Anglican Overseas Aid is honored to work in partnership with the Australian Government and nine other Australian non-government organisations to deliver a program in Africa that is saving lives and helping communities take control of their futures.
The latest annual report has been released for the Australia Africa Community Engagement Scheme (AACES), now in its second year. Through this scheme, Anglican Overseas Aid delivers The Road Less Travelled project with partners the Afar Pastoralist Development Association in Ethiopia, the Mothers’ Union of the Anglican Church of Kenya, the Nossal Institute for Global Health and Australian Volunteers International.
The AACES Annual Report 2012-2013 is now available on the Australian Government Department of Foreign Affairs and Trade (DFAT) website. It highlights the impressive achievements of the 10 Australian NGOs and their African partners in the program’s second year.
To read the summary or download the report, visit: http://aid.dfat.gov.au/Publications/Pages/aaces-annual-report.aspx
The Chair of the Program Steering Committee, Elly Barrett, said the report shows “how much has been achieved and learned in the second year of the program, and how the strengths of the communities and countries we are working with … have been drawn upon to improve our program work.”
This notion of drawing on community strengths is an essential element of The Road Less Travelled project, which uses a participatory strength-based approach to work with nomadic pastoralist communities to improve maternal and child health.
Phillip Walker, Anglican Overseas Aid’s Africa Program Advisor, said this approach encourages all members of a community to play an active role in realising their own development initiatives.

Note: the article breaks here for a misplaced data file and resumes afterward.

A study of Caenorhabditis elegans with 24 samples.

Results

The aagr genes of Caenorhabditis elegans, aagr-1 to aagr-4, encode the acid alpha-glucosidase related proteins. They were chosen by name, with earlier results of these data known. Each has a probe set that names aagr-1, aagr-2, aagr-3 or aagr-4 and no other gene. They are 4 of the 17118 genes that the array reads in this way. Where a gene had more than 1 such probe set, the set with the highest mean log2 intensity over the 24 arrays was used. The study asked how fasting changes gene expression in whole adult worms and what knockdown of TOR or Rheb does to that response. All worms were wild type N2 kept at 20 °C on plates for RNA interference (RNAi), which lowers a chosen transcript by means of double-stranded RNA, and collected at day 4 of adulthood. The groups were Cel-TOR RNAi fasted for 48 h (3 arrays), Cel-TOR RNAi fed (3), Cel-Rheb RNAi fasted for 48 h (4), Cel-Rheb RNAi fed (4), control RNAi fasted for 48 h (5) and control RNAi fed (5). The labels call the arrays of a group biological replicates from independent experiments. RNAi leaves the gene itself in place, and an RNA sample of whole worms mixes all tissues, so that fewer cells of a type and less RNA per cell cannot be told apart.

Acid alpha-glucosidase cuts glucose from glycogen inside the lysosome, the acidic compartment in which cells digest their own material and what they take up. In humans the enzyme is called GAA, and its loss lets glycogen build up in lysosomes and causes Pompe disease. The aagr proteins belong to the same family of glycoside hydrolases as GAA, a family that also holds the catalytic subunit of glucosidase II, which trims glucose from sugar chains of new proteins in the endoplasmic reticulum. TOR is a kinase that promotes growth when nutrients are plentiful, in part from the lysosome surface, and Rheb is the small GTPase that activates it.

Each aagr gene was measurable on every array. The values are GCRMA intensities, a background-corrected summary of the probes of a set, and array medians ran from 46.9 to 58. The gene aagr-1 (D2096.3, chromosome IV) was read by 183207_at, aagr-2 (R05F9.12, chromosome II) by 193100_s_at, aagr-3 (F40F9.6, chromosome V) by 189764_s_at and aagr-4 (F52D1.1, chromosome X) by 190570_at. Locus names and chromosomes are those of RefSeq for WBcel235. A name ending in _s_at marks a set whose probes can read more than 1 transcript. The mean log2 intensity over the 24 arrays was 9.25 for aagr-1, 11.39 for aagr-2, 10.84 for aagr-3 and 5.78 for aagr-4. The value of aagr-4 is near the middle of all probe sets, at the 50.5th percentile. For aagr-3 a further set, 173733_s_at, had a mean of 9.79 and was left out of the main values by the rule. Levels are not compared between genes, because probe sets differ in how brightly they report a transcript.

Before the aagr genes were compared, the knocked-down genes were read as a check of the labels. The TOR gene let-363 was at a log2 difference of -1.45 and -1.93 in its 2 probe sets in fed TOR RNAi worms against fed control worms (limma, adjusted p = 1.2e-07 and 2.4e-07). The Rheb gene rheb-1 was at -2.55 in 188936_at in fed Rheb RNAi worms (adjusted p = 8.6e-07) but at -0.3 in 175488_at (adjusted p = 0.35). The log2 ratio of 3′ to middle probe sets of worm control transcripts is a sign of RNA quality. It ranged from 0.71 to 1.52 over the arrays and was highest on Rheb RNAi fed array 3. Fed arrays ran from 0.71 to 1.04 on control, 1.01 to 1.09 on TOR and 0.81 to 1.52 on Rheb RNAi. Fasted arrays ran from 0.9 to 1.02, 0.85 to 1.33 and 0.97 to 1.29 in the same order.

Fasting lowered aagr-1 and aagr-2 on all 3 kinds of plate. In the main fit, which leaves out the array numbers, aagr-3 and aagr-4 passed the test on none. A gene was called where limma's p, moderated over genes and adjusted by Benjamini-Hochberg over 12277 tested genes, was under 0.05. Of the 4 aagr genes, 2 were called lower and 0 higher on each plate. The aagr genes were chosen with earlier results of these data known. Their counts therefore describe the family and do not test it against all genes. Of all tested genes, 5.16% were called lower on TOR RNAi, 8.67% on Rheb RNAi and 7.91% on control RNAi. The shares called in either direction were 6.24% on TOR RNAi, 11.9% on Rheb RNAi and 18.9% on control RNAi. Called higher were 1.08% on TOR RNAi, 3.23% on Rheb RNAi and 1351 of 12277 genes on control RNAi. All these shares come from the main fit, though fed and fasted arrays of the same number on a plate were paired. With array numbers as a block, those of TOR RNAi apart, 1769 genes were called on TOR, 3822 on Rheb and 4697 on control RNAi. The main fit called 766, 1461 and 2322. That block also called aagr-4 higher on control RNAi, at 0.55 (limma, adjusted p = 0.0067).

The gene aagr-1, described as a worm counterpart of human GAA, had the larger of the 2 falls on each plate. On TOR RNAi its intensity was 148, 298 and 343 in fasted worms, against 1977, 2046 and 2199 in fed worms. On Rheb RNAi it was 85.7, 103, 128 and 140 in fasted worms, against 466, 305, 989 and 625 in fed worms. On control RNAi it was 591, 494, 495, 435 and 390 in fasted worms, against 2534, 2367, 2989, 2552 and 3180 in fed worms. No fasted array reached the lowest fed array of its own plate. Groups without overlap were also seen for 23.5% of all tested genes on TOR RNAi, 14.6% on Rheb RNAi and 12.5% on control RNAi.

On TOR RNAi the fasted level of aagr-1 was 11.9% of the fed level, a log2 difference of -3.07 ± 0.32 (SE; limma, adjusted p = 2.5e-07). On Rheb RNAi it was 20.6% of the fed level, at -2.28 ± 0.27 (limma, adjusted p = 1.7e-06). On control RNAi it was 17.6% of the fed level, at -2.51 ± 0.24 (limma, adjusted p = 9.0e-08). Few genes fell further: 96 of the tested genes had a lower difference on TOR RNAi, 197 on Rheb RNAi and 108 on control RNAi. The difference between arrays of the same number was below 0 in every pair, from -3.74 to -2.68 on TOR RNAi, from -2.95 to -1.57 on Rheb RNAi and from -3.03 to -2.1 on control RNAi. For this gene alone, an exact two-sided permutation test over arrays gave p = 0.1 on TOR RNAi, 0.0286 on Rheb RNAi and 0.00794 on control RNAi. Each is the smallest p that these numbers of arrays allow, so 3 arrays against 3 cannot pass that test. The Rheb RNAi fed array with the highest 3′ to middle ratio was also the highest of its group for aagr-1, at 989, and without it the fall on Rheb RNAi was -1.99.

“If a community is to improve their existence and maintain that position, then the change must be driven from within. It must belong to them and reflect their desire for change,” he said. “Our approach might take longer to achieve results, but when it does happen, it sticks.”
In the year 2012-2013, AACES partners working throughout sub-Saharan Africa helped more people access vital health services, promoted community involvement in maternal and child health, strengthened government health systems, fostered positive social and behavioural change, and empowered women and people with disability to identify and demand their rights.
Overall, AACES reached more than 80,000 people through maternal and child health programs in 2012-2013, including:
- More than 10,000 babies delivered through clean and safe practices.
- More than 23,500 children received life-saving vaccines.
- 47,300 people living in remote areas had access to vital health services including family planning.
- Health systems were strengthened through the training of 897 community health workers, to provide basic care, deliver maternal and child health, and nutrition messages in marginalised communities.
Among the efforts highlighted in the AACES Annual Report were those of AOA’s project partner, the Afar Pastoralist Development Association. Working with government health personnel, they jointly delivered a vaccination program to more than 500 children of nomadic pastoralists in the remote Afar region of Ethiopia. They also instigated a supplementary food program to 1680 school children and trucked water to drought-stricken communities.
Anglican Overseas Aid is proud of the progress being made by The Road Less Travelled partners in Ethiopia and Kenya, and by the AACES program overall.
“The AACES program is a living partnership between the 10 NGOs and the Australian Government,” Walker said. “And it is having a real impact in African communities – actually saving people’s lives and giving them a future.”
Through their commitment to sharing best practices and leveraging their resources, organisations, governments and community groups are better equipped to work together in producing the best possible outcomes for mothers, children, and communities.
AACES is a five-year program (2011-2016) being delivered in 11 African countries: Ethiopia, Ghana, Kenya, Malawi, Mozambique, Rwanda, South Africa, Tanzania, Uganda, Zambia and Zimbabwe. The $90 million program funded by the Australian Government contributes to reducing poverty in Africa through community-based interventions in the key areas of maternal and child health, food security, and water and sanitation, with a particular focus on women, children and people living with disability.